Five surprising facts about stags and their antlers

Stag hunting season started last month, so the League Against Cruel Sports’ professional Investigators are already tracking and photographing the most threatened individual animals. For the next two months, mature stags with the best sets of antlers will be targeted, many forced to run for miles as they flee for their lives from deadly hounds. 

In celebration of stags, here are five lesser-known facts about these majestic creatures. 

  1. Stag antlers are the fastest growing structures in any animal. 

    Faster than other bones, cartilage, or any other structure, between the spring and autumn of every year, stags grow the equivalent of a third of their skeletal weight as their antlers regrow from scratch. That equates to roughly one inch of antler growth per week. 

    2. Stags shed their antlers every spring. 

      The shedding and re-growth of antlers coincides with the deer’s breeding season. When rutting season ends, and the male deer’s testosterone levels drop, the antlers are cast (shed). Then, they are regrown over the course of roughly three to four months. 

      Red and Fallow deer shed their antlers during April and May and the new growth is complete by August and September. Roe deer, which breed earlier, shed their antlers in November or December and re-grow them over the winter and early spring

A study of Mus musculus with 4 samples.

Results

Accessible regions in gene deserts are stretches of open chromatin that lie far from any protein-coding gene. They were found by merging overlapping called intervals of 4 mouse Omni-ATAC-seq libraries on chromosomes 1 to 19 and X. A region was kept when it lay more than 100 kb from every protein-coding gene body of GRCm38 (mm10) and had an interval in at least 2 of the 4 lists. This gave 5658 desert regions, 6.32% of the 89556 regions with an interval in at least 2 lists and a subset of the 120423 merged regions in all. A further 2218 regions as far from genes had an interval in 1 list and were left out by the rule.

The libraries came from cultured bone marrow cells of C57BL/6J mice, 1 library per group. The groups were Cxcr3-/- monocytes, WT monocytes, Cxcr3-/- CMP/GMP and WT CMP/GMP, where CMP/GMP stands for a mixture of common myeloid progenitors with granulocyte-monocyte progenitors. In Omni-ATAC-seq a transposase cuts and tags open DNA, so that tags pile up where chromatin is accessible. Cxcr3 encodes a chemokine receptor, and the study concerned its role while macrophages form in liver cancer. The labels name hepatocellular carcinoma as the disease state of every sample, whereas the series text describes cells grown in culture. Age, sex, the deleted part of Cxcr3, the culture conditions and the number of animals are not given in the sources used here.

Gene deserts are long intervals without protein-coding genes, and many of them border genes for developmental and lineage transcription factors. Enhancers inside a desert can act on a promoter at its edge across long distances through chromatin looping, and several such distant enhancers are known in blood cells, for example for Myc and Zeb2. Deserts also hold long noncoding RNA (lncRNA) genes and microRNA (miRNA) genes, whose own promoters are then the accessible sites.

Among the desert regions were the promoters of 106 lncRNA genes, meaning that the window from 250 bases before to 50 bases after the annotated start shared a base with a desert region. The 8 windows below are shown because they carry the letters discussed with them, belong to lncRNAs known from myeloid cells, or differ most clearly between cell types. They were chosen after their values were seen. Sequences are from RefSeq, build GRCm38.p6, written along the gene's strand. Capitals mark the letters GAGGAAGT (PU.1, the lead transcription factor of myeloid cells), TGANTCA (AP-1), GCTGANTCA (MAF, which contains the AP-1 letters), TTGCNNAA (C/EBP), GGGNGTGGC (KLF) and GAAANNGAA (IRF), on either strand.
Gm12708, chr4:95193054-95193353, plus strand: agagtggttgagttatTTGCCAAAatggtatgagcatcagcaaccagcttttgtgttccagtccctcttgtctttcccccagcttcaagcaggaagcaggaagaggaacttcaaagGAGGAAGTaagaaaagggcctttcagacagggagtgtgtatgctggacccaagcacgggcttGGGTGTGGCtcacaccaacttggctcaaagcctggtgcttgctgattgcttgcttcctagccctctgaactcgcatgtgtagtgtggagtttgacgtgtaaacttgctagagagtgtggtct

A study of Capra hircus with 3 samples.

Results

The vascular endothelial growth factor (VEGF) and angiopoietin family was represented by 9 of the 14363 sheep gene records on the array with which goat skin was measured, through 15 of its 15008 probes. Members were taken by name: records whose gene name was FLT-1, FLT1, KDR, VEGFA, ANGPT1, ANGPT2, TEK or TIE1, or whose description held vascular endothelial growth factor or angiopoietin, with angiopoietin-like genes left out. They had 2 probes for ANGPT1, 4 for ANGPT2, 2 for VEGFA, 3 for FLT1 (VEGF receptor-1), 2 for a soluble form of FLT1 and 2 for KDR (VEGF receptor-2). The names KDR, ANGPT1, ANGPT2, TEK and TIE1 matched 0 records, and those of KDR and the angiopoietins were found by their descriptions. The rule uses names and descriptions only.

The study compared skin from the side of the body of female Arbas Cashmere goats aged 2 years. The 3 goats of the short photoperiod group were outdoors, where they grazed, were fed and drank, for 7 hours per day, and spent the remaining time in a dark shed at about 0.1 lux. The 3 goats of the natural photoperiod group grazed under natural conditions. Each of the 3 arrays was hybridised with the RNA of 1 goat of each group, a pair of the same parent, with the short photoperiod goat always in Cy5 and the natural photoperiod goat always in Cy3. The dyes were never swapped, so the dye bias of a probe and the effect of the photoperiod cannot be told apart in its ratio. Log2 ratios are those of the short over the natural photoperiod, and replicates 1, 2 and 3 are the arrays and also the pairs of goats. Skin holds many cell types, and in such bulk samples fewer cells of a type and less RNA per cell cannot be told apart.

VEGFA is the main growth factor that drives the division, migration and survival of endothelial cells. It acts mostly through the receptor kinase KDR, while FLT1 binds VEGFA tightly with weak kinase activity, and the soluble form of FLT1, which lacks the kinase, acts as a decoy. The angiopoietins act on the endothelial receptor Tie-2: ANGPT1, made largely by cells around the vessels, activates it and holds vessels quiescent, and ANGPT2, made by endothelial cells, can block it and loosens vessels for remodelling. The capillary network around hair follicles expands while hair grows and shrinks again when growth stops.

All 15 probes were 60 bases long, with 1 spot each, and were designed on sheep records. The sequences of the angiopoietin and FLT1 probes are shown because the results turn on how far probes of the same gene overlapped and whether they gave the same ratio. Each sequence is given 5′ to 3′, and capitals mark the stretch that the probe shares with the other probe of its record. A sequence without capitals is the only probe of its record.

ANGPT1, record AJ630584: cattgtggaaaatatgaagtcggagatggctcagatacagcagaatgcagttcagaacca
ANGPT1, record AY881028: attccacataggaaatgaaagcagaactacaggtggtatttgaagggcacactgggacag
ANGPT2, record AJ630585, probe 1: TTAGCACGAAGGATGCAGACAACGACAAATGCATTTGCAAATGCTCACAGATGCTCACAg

3. The velvet covering a stag’s antlers is very sensitive. 

      The growing antlers are covered in a hairy soft grey skin called velvet. The hairs are sensitive to help the stag avoid damaging the growing antlers, especially when pushing through thick cover. 

      4. The velvet on stag antlers is sometimes used for ‘medicinal’ purposes. 

        The earliest record of ‘velveting’ comes from ancient China more than 2000 years ago. Today this mutilation of deer to feed a lucrative market continues. The UK passed The Removal of Antlers in Velvet (Anaesthesia Order 1980), which only permits velveting to be carried out by a qualified vet. But in other countries such as New Zealand, deer velvet can be removed by any person under the supervision of a vet, and the practice of velveting is widespread. In other countries velvet is removed from deer’s antlers with no anaesthetic. 

        5. The average stag hunt lasts three hours. 

          Can you imagine being forced to run for your life for so long, even as you tire to the point of exhaustion? 

          Many stags run more than 18km as they flee from the hunts. Some are fortunate enough to end their fraught journey on League sanctuary land, collapsing with exhaustion but alive. However, far too many stags are still torn apart by hunting dogs every year. 

          Deer Hunting

          The League is working towards an end to the cruel sport of stag hunting. Visit our campaign page to learn more about how you can help.